Scientists Already Disputing UN’s Soon-To-Be-Released Global Warming Report

September 26, 2013 - 11:57 AM

 

Pat Michaels

Patrick J. Michaels, director of the Cato Institute's Center for the Study of Science (Cato Institute)

(CNSNews.com) -- The Fifth Assessment Report (AR5) by the United Nations’ Intergovernmental Panel on Climate Change (IPCC) is scheduled to be released in Stockholm on Friday.

But a draft of the report has been leaked to the media, and some climate scientists are already scoffing at its finding that “warming of the climate system is unequivocal,” and that “globally, CO2 is the strongest driver of climate change.”

Patrick Michaels, former climate professor at the University of Virginia and current director of the Cato Institute’s Center for the Study of Science, called the new report a “charade,” adding that it is already “obsolete.”

Contrary to the draft report’s conclusions, Michaels cited “recent scientific findings” showing “that [the] rate of sea level rise since 1993 is little different than the long-term (20th century) rate of sea level rise once natural variability and non-climactic influences are accounted for.”

The IPCC, which is also “ignoring a whole suite of new scientific experiments on temperature and CO2,  is in an absolute pickle,” Michaels told CNSNews. “It’s behaving like a treed cat, which is supposed to close its eyes and run down the tree. What they are doing is climbing even higher and yelling even more loudly.

“The IPCC has three choices,” Michaels continued. “It can round-file the entire 3,000-page report; publish the report as it stands, but put a gigantic black-label disclaimer on page one stating that a large amount of recent research suggests that the sensitivity of temperature to CO2 has been overestimated by around 40 percent; or simply act like nothing has happened and mislead global leaders.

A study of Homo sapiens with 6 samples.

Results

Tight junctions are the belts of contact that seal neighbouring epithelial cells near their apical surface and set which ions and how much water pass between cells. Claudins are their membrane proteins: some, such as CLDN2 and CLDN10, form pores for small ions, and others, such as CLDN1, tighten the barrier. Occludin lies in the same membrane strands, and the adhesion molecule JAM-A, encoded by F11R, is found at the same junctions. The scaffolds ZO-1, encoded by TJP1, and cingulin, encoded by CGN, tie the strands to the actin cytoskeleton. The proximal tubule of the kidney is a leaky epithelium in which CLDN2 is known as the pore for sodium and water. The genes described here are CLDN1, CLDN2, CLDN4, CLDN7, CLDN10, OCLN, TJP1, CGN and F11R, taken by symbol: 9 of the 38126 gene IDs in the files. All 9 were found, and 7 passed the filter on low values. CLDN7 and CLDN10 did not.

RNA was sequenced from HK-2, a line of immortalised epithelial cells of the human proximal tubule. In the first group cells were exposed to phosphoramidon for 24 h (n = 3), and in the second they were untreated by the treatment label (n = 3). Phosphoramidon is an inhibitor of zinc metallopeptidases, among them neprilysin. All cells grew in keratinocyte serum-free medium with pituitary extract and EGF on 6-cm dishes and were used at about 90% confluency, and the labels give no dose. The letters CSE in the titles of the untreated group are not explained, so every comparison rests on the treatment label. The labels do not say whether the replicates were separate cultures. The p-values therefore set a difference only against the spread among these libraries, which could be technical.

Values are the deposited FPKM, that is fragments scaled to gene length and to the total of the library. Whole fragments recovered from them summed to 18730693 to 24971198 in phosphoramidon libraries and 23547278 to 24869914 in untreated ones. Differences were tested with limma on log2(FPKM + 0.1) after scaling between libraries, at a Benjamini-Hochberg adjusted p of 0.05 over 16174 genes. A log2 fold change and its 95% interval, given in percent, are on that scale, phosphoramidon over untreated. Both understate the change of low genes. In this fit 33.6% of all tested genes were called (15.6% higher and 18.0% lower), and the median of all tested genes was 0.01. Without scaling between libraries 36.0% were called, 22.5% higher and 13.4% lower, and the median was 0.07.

“They can’t fix the report, so they will choose Door # 3,” Michaels predicted. “Then their credibility is gone. Even my green friends are predicting the end of the IPCC as we know it.”

Steve McIntyre, the Canadian mathematician who helped uncover the error in Michael Mann’s  famous “hockey stick” graph that was published in the IPCC’s Third Assessment Report in 2001, agrees that the latest report is seriously flawed.

AR5 is “compromised by gatekeeping by fellow-traveler journal editors, who have routinely rejected skeptic articles on the discrepancy between models and observations or pointing out the weaknesses of articles now relied upon by the IPCC.

“Despite exposure of these practices in Climategate, little has changed,” McIntyre noted. “As it is, IPCC is surely in a well-earned quandary.”

“Under pressure, the IPCC now acknowledges the pause [in global warming] and admits that climate models failed to predict it,” Dr. Judith Curry, chair of the Georgia Institute of Technology’s Earth and Atmospheric Sciences Department wrote in her Climate Etc. blog.  But “the IPCC has failed to convincingly explain the pause in terms of external radiative forcing from greenhouse gases, aerosols, solar or volcanic forcing; this leaves natural internal variability as the predominant candidate to explain the pause,” she writes.

“If the IPCC attributes the pause to natural internal variability, then this begs the question as to what extent the warming between 1975 and 2000 can also be explained by natural internal variability.  Not to mention raising questions about the confidence that we should place in the IPCC’s projections of future climate change.”

This is not the first time claims made by the IPCC, which shared the Nobel Peace Prize with Al Gore in 2007, have come under fire.

IPCC 2007 Climate Change Report

(IPCC)

The IPCC’s widely cited Fourth Assessment Report (AR4) released in 2007 predicted that global warming would cause African crop yields to plummet 50 percent by 2020, forcing millions of Africans to starve if the developed nations did not give up their energy-intensive lifestyles.

The same report also claimed that Himalayan glaciers were in danger of melting by 2035.

Both assertions were later debunked.